Boeing moved one step closer toward returning the 787 to service on Friday, when it flew Dreamliner Line Number 86 on a one-hour, 49-minute mission to demonstrate conformity of its battery system modification to U.S. certification authorities. Painted in LOT Polish Airlines livery, LN 86 took off from Paine Field in Everett, Washington, at 10:39 a.m. local time, traveled west, then south down the Washington State and northwest Oregon coastlines before turning around over the Pacific Ocean and virtually tracing its original flight path back to Everett, where it landed at 12:28 p.m. The crew of 11, including two FAA officials, followed a “straightforward” demonstration plan and reported an “uneventful” flight, said Boeing.
The company planned to start gathering and analyzing the data over the weekend before submitting the required materials to the FAA “in the coming days.”
Boeing expects the flight to mark the end of certification testing for the 787’s new battery system following more than a month of ground trials. Now, the timing of service entry depends solely on the speed with which the U.S. Federal Aviation Administration completes its evaluation of the testing data. “Once we deliver the materials we stand ready to reply to additional requests and continue in dialog with the FAA to ensure we have met all of their expectations,” said Boeing in a statement.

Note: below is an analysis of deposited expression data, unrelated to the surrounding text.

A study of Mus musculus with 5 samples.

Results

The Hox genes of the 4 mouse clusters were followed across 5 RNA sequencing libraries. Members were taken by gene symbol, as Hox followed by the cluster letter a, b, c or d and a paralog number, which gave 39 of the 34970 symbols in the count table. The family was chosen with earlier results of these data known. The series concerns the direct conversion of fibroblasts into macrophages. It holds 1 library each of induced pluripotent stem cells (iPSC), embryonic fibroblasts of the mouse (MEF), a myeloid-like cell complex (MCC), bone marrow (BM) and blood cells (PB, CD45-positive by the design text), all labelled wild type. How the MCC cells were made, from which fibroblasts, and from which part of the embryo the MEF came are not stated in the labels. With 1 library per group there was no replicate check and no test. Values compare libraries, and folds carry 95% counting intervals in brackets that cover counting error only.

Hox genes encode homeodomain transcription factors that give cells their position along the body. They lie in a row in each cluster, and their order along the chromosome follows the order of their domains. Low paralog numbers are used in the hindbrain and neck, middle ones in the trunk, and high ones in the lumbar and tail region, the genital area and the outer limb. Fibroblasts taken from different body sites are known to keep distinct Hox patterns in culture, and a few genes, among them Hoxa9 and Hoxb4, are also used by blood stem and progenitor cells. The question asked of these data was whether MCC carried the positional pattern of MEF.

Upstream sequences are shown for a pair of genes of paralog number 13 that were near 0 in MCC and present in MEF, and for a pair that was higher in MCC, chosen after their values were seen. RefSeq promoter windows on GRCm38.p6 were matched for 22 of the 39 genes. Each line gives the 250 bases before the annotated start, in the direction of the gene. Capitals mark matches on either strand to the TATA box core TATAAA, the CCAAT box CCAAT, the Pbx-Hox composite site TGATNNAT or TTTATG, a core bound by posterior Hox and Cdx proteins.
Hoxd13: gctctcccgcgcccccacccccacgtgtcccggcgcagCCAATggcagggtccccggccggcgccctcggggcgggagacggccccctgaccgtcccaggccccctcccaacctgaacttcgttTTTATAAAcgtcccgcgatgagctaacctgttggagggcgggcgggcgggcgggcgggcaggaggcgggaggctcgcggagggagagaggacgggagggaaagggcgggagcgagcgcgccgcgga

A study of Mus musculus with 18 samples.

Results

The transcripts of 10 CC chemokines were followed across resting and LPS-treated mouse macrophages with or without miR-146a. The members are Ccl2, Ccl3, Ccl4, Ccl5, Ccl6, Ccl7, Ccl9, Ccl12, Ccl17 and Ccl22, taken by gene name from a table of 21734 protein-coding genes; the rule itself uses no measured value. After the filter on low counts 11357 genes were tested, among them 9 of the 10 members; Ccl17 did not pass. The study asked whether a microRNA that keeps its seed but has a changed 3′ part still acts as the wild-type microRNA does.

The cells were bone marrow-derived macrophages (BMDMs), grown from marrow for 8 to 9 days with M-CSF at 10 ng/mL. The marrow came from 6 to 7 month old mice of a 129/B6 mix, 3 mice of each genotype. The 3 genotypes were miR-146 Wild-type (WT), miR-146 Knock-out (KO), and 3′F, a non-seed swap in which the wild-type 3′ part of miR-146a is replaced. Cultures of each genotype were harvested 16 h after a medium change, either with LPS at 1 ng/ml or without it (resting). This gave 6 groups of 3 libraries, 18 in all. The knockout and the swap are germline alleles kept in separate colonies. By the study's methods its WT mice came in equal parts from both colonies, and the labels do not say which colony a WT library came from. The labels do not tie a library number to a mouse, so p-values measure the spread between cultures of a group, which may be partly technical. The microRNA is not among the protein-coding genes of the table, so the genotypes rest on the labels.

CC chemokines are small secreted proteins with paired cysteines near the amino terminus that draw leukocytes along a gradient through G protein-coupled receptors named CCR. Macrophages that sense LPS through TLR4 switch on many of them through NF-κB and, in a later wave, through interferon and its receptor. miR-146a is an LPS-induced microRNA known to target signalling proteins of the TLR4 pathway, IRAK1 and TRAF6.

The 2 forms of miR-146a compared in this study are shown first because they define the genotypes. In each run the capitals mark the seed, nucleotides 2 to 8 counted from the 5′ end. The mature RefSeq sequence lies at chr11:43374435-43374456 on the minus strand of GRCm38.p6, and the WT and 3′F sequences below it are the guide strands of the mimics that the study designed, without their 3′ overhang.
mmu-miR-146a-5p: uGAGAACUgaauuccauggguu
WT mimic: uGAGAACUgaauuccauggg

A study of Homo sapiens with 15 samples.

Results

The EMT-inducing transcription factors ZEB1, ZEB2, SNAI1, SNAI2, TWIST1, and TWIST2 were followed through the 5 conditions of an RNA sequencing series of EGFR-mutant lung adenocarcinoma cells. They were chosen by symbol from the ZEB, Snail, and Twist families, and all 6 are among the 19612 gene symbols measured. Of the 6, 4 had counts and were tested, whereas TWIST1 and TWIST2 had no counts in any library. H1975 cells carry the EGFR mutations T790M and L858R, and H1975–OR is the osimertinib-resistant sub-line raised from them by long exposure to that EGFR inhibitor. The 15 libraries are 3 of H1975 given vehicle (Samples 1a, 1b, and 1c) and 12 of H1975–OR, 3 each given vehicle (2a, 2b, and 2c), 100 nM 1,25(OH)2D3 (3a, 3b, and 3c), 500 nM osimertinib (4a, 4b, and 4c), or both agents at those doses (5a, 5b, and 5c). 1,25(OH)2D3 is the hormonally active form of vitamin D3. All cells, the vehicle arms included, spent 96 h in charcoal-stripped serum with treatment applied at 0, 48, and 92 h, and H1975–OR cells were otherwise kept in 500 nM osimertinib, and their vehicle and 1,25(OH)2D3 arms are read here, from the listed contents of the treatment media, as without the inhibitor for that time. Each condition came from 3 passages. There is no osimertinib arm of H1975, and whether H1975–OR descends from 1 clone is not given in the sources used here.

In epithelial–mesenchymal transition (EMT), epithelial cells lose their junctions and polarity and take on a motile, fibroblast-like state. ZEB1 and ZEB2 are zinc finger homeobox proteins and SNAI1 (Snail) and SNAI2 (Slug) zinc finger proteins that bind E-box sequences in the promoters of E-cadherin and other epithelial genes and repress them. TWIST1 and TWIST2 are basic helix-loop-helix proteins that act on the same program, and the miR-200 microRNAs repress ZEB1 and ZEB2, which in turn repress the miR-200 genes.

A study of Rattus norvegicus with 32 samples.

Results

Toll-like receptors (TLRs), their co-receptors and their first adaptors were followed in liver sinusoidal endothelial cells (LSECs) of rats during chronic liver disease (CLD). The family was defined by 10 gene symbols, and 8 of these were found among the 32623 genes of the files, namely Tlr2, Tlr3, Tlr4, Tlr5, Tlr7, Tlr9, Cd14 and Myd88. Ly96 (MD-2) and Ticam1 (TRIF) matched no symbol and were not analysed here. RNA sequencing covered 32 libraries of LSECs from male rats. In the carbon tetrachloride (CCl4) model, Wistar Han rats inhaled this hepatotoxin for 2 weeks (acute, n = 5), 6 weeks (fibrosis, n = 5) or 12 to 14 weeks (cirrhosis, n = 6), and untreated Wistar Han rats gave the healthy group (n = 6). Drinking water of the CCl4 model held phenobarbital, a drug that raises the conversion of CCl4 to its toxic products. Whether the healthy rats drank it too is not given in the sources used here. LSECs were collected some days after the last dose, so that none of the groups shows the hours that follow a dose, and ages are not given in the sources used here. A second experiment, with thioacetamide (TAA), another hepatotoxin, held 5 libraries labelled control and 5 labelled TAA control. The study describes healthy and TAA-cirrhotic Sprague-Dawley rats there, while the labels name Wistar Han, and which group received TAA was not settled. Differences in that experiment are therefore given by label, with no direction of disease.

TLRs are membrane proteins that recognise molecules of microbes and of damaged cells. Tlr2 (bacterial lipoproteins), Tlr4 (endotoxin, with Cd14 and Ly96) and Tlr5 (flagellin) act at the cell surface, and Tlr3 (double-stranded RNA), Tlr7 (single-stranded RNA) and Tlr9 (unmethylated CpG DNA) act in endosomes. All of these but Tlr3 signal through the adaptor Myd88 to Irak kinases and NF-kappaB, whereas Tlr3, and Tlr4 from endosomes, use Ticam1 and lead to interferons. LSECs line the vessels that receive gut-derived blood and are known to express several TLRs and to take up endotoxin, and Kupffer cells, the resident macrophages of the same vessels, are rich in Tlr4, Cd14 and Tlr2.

The so-called fix includes a modification to the charger and battery-monitoring unit designed to narrow the acceptable level of charge–in essence, lowering the maximum charge allowed and raising the minimum level of discharge allowed. Engineers have also devised a way to “soften” the charging cycle in a way to put less stress on the battery.
Within the battery itself, the new design features an electrical insulator between each of the eight cells meant to isolate them from each other and prevent propagation, while electrical and thermal insulation above, below and between each cell prevents heat migration. Meanwhile, small holes drilled into the bottom of the case that encloses the cells and battery management unit allows moisture to drain away from the battery. Larger holes in the sides of the case would allow a failed battery to vent more efficiently, thereby lessening the possibility of damage to other parts of the power pack.
Finally, the new design uses a stainless-steel enclosure meant to isolate the unit from the rest of the equipment in the electronic equipment bays.